I’ve graduated, and am an official Doctor now (no, not that kind of doctor…..). I’m proud that I can use that title, and I have already used it on purpose (renting a car!) as well as by mistake. To tell a bit more about the latter, I blame the nerves. When my dentist’s assistant asked me whether it was Ms or a Mrs, I giggled ‘Well, actually, it’s Dr…!’ because I hadn’t been to the dentist in 7 years and was scared as hell. I was blushing when they called my name in the waiting room… “Dr Wolferink!?”. Slightly embarrassed I got up and ran into the treatment room. well, slighty embarrassed, and a bit proud. OK, very proud, but also still embarrassed, because who else but me (and my parents) really give a damn about that title?
This Monday I had the honour and privilege to discuss my thesis with two established academics who had read my thesis. My thesis, my ideas, and two people I value have read it. Of course it was their work to do so, and part of the defense process, but still, this very substantial book that I have written is not something you put on your nightstand to read. That’s also why I want to publish smaller, readable articles, so that parts of my research outcomes (and recommendations) will make it ‘out there’, to be discussed and perhaps even taken on-board. Continue reading “Passed, with minor corrections!”
You wouldn’t believe how many people ask me whether I’m thinking about ‘going home’ with the whole Brexit debate going on. And my answer, every single time, is “Yes, of course, every day I am thinking about going home, to Darfield, you know, where we live…”. Continue reading ““So, are you going home now?” – Looking for a job in pre-Brexit UK”
Sometimes it’s difficult to focus. We live in a time with many (digital) distractions that we can use with the click of a mouse. And if we can resist that, there’s always some laundry, groceries or cleaning to do. And it’s not just that: sometimes wanting to do things right can be debilitating: where to start if you want to avoid making mistakes. Don’t get me wrong, I work hard, I always meet my deadlines, and always get things done, but it can take a lot of willpower and motivation to do so and to stay on track. And I don’t mind doing that, because I’m passionate about my work, what I want to achieve with it, and about my future career, but it’s still difficult, especially when working on something for which you are the sole project manager: a PhD. And to add to that: FROM HOME. ALONE.
It is done. I have handed in my PhD thesis this morning. Next to me on the desk here are two spare copies I have. One for myself, and one for a potential mock viva (even though I’m not quite sure yet whether I want one). A fellow PhD student asked if he could have a look, and he went through the front matter, pausing at the final paragraph in my acknowledgements.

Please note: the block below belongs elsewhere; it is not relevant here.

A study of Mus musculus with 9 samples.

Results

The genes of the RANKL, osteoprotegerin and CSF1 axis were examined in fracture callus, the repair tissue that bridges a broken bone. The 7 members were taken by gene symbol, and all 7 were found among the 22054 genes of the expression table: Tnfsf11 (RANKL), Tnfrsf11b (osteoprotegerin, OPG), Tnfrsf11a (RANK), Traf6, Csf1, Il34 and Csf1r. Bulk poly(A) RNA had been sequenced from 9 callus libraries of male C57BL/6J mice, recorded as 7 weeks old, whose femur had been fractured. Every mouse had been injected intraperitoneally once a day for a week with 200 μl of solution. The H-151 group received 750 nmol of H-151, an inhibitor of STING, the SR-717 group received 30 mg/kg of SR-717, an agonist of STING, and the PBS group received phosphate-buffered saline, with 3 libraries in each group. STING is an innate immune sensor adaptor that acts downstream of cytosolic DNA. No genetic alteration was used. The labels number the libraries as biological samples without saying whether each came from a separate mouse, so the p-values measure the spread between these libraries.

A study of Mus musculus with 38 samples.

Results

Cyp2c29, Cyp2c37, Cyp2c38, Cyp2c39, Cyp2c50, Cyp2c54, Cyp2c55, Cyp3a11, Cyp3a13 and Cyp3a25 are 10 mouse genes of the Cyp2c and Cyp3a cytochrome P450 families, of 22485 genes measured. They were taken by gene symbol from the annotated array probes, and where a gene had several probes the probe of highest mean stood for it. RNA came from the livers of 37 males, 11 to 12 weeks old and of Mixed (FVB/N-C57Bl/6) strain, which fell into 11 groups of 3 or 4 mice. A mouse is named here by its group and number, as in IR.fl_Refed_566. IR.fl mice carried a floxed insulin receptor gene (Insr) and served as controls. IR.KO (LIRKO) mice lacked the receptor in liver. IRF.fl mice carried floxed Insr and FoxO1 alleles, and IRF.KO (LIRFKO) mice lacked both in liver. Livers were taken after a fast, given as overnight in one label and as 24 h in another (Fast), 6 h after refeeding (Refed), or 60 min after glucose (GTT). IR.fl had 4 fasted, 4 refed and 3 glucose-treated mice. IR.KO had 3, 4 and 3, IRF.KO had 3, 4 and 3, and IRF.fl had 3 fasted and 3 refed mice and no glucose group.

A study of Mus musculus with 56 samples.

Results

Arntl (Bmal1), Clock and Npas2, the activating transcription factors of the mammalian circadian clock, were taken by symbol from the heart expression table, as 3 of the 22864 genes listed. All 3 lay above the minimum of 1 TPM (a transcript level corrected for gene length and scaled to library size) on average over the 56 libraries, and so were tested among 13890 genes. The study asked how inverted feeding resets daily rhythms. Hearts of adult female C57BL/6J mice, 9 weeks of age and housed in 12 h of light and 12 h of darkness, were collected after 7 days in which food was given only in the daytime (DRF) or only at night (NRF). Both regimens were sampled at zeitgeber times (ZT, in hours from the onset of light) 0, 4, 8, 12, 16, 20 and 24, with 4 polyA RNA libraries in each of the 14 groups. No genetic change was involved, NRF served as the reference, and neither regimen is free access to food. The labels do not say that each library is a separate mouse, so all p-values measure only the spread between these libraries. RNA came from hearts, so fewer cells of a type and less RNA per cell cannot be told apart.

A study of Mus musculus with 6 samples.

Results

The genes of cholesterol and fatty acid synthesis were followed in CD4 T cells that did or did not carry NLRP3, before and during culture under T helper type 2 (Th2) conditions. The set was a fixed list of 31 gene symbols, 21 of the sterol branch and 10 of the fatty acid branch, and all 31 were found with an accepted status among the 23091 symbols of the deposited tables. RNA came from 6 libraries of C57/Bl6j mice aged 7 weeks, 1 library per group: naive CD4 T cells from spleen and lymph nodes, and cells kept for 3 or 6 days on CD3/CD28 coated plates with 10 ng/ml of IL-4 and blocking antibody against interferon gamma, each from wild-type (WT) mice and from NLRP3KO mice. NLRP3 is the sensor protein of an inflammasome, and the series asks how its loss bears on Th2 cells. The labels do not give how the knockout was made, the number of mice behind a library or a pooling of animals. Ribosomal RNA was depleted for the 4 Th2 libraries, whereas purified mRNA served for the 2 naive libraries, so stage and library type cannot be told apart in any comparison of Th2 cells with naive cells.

In this paragraph I thanked my undergraduate careers adviser who told me, at the age of 25, that I would be ‘far too old to be accepted into a PhD programme’ when I told him about the potential career paths and options I wanted to pursue.
“Well, if you have that kind of bias you won’t be able to conduct a truly objective research project”.
It was said to me today, online, when talking about research on (un)employment, the work-ethic and how I thought that we should find new ways of looking at work in relation to citizenship. I wanted to reply with “well, I don’t really believe in objective research”, but I didn’t want to make that kind of unnuanced statement without having to engage in a full-blown discussion about how I view my research practice when I have actual work to do, such as finishing that paper and getting back to my actual thesis.
When people ask me what I’m doing ‘for a living’ I tell them about my PhD, as that is what I’m doing with my life at the moment. Some people know what it is, others don’t, but not many people know what you can do after this, or wonder specifically what I am going to do after this. And I am one of those people.
Finally finally finally I have gotten to the data chapters of my doctoral thesis. And it is amazing. I had been struggling a bit, I will be honest with you, with the official obligatory sections such as the methodology and the literature review, which are still in need of some serious work. It’s not that I do not want to deal with that, that I don’t see the value of it. Of course, without grounding my research properly it will have no basis, no footing, but in the end, what I want to do with my thesis, or through my thesis, is to tell stories, to tell stories of unemployment and volunteering.
Yesterday I finished my second chapter, which is the third chapter that I have finished (I don’t do linear). After submitting it was time for me to think about the next chapter, because that’s how things work. Luckily I have multiple chapters still to write, so I’m not out of work just yet, but, what is more, I also have another kind of chapter to start thinking about: the chapter that comes after finishing my PhD. What do I want to do next?
I have to, at one point, tell my fieldwork organisation that I’m leaving them. And I am dreading the moment already. In fact, I have postponed it for as long as I can. Ideally, fieldwork is finished in the 2nd year of the 3 year PhD process. However, since it took me a while to figure out what I should, could and wanted to focus on after collecting data for a while, I felt it was necessary (which was supported by my supervisors) to keep on going for just a bit longer, 4 hours per week, to get some extra data to support my argument. Continue reading “The end is near… And that’s difficult. How to get out of the field without any feelings of guilt?”